Situated along the waterfront in the Brainerd Lakes area, this 16-acre estate looks like it has been tucked away for generations. In actuality, the lodge-style home was recently created by Nor-Son Custom Builders, along with Montana-based architect Pearson Design Group, by sourcing the very best local reclaimed wood and stone to blend right into the serene northern Minnesota setting.
“The rustic estate gives the appearance of having been on the property for decades thanks to reclaimed stone, timber and planking of the highest quality for strength, character and sustainability,” explains Nor-Son Project Manager Dustan Nyberg. In addition to high-quality, the materials had to be big.
All told, the property consists of the 12,500-square-foot main house and nine other structures, including a guesthouse, boathouse, pool house and cabana. While the outbuildings were completed in phases over several years, all materials were purchased at once and stored onsite. That shopping list included 30,000 linear feet of timber, 100,000 square feet of planking and four million pounds of stone.
But before any rock or board went into the foundation, the team had to address the soil, which was in such poor condition it wouldn’t sustain the scale of home to be built. To improve stabilization, Nor-Son injected grout into underground tubes for proper soil compaction while planting 30,000 indigenous plants across the property, restoring the site to its natural lakeshore status.
Then came the wood. And not just any wood, but century-old barnwood for trusses, beams and columns. Chestnut planks were carefully chosen for their warm color and worn, eased-edge appearance. The clients wanted “weathered but not overdone” to retain a refined aesthetic. Accordingly, the more heavily exposed woods — a bit too rustic for the owners’ taste — were used in closets and storage rooms.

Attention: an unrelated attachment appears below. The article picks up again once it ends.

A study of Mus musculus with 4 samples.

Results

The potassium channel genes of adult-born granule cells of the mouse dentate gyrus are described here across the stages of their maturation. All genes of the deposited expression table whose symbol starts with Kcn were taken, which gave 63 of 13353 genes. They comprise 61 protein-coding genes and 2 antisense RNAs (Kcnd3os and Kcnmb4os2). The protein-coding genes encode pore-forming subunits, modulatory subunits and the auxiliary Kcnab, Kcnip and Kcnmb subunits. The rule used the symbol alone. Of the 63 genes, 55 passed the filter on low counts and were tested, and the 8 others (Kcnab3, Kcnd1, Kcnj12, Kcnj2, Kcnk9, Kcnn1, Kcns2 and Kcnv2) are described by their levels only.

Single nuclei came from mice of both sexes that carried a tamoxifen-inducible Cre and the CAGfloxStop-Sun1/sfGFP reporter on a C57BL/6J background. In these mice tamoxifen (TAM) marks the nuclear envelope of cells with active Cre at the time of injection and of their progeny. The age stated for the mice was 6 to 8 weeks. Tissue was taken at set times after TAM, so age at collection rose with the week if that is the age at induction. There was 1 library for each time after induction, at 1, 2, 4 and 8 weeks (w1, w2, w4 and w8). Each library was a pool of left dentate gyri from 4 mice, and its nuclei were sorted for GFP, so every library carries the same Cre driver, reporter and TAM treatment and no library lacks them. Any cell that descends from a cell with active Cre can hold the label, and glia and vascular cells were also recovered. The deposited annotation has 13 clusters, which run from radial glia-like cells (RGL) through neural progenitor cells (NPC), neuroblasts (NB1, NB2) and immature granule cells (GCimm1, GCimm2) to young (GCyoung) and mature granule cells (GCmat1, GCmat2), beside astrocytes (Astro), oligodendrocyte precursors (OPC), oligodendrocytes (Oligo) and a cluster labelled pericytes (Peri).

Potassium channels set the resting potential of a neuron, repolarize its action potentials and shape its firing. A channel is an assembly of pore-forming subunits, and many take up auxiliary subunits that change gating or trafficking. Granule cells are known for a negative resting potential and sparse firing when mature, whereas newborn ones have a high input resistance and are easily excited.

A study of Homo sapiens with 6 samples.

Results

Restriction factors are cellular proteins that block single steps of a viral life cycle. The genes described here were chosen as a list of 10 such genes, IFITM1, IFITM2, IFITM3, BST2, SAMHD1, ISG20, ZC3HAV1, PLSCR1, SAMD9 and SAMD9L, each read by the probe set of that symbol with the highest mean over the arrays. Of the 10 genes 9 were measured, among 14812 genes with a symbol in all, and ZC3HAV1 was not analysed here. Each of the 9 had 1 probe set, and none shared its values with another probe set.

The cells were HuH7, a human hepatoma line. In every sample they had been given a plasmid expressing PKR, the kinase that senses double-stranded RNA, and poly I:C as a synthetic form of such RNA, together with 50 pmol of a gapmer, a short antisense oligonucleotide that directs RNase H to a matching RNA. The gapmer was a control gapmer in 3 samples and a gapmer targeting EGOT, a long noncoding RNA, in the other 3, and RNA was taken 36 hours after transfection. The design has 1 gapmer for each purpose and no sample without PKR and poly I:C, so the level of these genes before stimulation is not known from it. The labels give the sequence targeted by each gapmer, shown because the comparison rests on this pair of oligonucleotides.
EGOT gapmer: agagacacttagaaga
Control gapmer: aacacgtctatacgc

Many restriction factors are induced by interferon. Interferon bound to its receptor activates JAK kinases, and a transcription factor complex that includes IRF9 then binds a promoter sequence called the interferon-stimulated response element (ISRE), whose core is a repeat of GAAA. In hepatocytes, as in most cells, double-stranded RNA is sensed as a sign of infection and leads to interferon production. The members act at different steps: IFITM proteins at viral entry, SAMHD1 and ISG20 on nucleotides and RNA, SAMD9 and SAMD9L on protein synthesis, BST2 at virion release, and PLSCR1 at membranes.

Next came the toast. Just like bread, various woods were toasted then waxed in a four-month, six-step process to achieve the specific “toast” hue found in the chestnut. For the exterior plank siding, floor joists from tobacco barns were perfectly aged to a natural color. To complement this, 15,000 split shakes were hand dipped into a special formula then hung to dry for an instantly aged appearance, rather than waiting several years to weather.
If the artistry was in the woodwork, the heavy lifting came with the stone. Nor-Son scoured the five-state area for field stone large enough in scale, zeroing in on Minnesota’s Iron Range, where large granite rock was stripped prior to mining. Here, they covered 40 miles of ground, hand selecting each stone for its lichen or mossy character. To bring to life the architect’s sketches, they horizontally dry-stacked a loaf-like pattern. No stone was to be cut but instead should appear to have naturally fallen into place “like a jigsaw puzzle” without grouted joints.
And the job took some muscle. The fireplace alone — which took six months to complete — bears an astonishing 150 tons of stone, with base stone as large as a desk. “Stone is one of the most difficult building materials to work with,” notes Nyberg. “Knowing that some of these stones weigh in excess of 5,000 pounds is pretty amazing.”
Even concrete came into play in the observatory. Since the owner has a highly sensitive telescope, a 10-inch concrete tower was required to support the retractable roof — because even the smallest vibration could alter the instrument’s performance tremendously. These kind of custom finishing details abound.
For instance, to fulfill the family’s love of symphony music, Nor-Son installed more than 90 miles of wire throughout the residence. Knowing that tech contradicts the look they so painstakingly crafted, the team hid the speakers and subwoofers within the timbers, walls and recessed areas. “State-of-the-art technology is expertly concealed and integrated throughout the home so that nothing distracts from the rustic, natural interior,” Nyberg concludes.